Growing Democracy: Examining Children's Civic and Rhetorical Practices in Election Years
Cassie Brownell

About the research


NAEd/Spencer Postdoctoral Fellowship

Award Year



University of Toronto

Primary Discipline

Literacy and/or English/Language Education
One purpose of U.S. schooling is to prepare children to participate as adults in society democratically. Typically, democracy is defined as civic participation in governmental processes. By contrast, recent research offers reconsiderations of civics to account for children’s evolving individual and group identities and the sociopolitical rhetoric they employ. Amidst this renewed interest in civics within education, much of the research focuses on youth close to the voting age because many still dismiss younger children's voices. Instead, they position children as naïve and apolitical. However, children enact politically relevant social identities beginning in early childhood. Framed by critical sociocultural theories, this qualitative study is among the first of the new millennium to trace how U.S. children’s civic and rhetorical practices evolve across time, age, and political landscapes. Punctuated by three presidential election cycles, this comparative case study addresses how children engage with broader discourses and how they (re)produce political rhetoric. Findings will render the complexity of contemporary U.S. children's political lives visible, illuminate how schools support or constrain children's civic and rhetorical practices, and outline critical, child-centered research methods for longitudinal investigations into political socialization. This work is vital in politically polarized U.S. society.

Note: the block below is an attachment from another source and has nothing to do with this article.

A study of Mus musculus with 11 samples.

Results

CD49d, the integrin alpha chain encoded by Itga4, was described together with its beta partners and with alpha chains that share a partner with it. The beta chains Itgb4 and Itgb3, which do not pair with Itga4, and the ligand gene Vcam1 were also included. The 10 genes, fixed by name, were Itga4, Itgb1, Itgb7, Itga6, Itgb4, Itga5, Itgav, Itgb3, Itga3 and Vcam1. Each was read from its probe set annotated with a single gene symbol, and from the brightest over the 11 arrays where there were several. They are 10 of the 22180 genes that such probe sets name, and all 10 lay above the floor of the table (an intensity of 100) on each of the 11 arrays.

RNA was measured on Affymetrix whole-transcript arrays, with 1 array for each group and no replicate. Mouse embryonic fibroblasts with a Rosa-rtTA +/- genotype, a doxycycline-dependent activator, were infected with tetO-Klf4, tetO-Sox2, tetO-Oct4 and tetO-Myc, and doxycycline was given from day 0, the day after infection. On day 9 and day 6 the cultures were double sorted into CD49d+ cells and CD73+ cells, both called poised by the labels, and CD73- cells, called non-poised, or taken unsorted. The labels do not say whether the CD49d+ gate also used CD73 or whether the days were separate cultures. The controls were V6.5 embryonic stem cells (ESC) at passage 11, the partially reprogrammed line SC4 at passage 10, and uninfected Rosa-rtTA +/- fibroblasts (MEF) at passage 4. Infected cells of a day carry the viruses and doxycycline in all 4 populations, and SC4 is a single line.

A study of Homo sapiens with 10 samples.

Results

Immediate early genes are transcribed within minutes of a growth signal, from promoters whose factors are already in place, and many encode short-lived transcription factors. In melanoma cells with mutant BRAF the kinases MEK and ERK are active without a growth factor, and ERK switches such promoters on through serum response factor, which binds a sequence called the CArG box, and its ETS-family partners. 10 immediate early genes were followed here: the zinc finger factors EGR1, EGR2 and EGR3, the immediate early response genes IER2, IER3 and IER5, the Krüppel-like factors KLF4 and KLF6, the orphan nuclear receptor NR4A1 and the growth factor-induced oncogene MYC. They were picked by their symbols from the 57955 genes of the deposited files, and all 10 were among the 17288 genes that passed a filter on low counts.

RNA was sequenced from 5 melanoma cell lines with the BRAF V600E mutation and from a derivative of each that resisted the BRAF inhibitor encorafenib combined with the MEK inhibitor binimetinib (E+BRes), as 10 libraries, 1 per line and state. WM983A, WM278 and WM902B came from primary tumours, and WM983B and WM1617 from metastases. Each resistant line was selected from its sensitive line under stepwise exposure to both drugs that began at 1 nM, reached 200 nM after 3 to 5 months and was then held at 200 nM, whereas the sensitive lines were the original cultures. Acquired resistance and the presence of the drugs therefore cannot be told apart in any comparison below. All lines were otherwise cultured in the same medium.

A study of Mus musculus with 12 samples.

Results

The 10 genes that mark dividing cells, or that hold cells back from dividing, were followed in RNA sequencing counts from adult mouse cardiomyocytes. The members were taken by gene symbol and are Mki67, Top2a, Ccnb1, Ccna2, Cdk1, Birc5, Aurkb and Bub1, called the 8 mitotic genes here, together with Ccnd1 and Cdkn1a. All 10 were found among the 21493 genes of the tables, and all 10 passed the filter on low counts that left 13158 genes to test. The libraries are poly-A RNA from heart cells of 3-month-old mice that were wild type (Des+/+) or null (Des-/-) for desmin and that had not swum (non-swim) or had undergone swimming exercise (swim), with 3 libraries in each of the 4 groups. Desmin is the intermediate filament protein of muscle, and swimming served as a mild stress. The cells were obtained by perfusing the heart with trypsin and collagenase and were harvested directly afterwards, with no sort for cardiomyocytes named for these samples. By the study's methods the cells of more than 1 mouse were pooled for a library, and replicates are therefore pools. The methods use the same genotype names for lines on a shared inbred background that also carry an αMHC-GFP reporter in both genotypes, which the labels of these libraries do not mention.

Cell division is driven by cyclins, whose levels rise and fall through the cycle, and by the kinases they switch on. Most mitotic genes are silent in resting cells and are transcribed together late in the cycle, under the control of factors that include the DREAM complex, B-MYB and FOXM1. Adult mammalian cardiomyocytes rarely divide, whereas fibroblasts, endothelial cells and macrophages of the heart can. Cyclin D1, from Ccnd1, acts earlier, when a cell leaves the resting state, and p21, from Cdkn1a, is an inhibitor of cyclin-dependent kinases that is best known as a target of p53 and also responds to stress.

About Cassie Brownell
Cassie J. Brownell is an assistant professor of Curriculum, Teaching, and Learning at the Ontario Institute for Studies in Education (OISE) at the University of Toronto. She uses critical ethnographic methods to challenge perceptions of children as apolitical by showcasing how children enact social identities through writing, talking, and playing. A 2020 NAEd/Spencer Postdoctoral Research Development Awardee, Brownell’s publications across academic journals – such as AERA Open, Anthropology & Education Quarterly, Teachers College Record, and Theory into Practice – and practitioner-oriented outlets – like the Bank Street Occasional Paper Series, Language Arts, Science & Children, and The Reading Teacher illustrate children as powerful rhetoricians whose abilities as communicants are frequently underestimated. Since completing her Ph.D. in Curriculum, Instruction, and Teacher Education at Michigan State University in 2018, Brownell has garnered recognition from the Government of Canada’s New Frontiers in Research Fund, Canada’s Social Sciences and Humanities Research Council, and the National Council of Teachers of Education. Additionally, Brownell was named a 2021 Concha Delgado Gaitan Presidential Fellow by the Council on Anthropology and Education (a section of the American Anthropological Association) and received the 2023 Emerging Scholar Awardee for AERA’s Early Education & Child Development Special Interest Group. She recently won the 2024 Jan Hawkins Award for Early Career Contributions to Humanistic Research and Scholarship in Learning Technologies from AERA’s Division C. Previously, Brownell was an early childhood and elementary educator in New Orleans. She also holds a B.A. from Marquette University and an M.Ed. from the University of Notre Dame.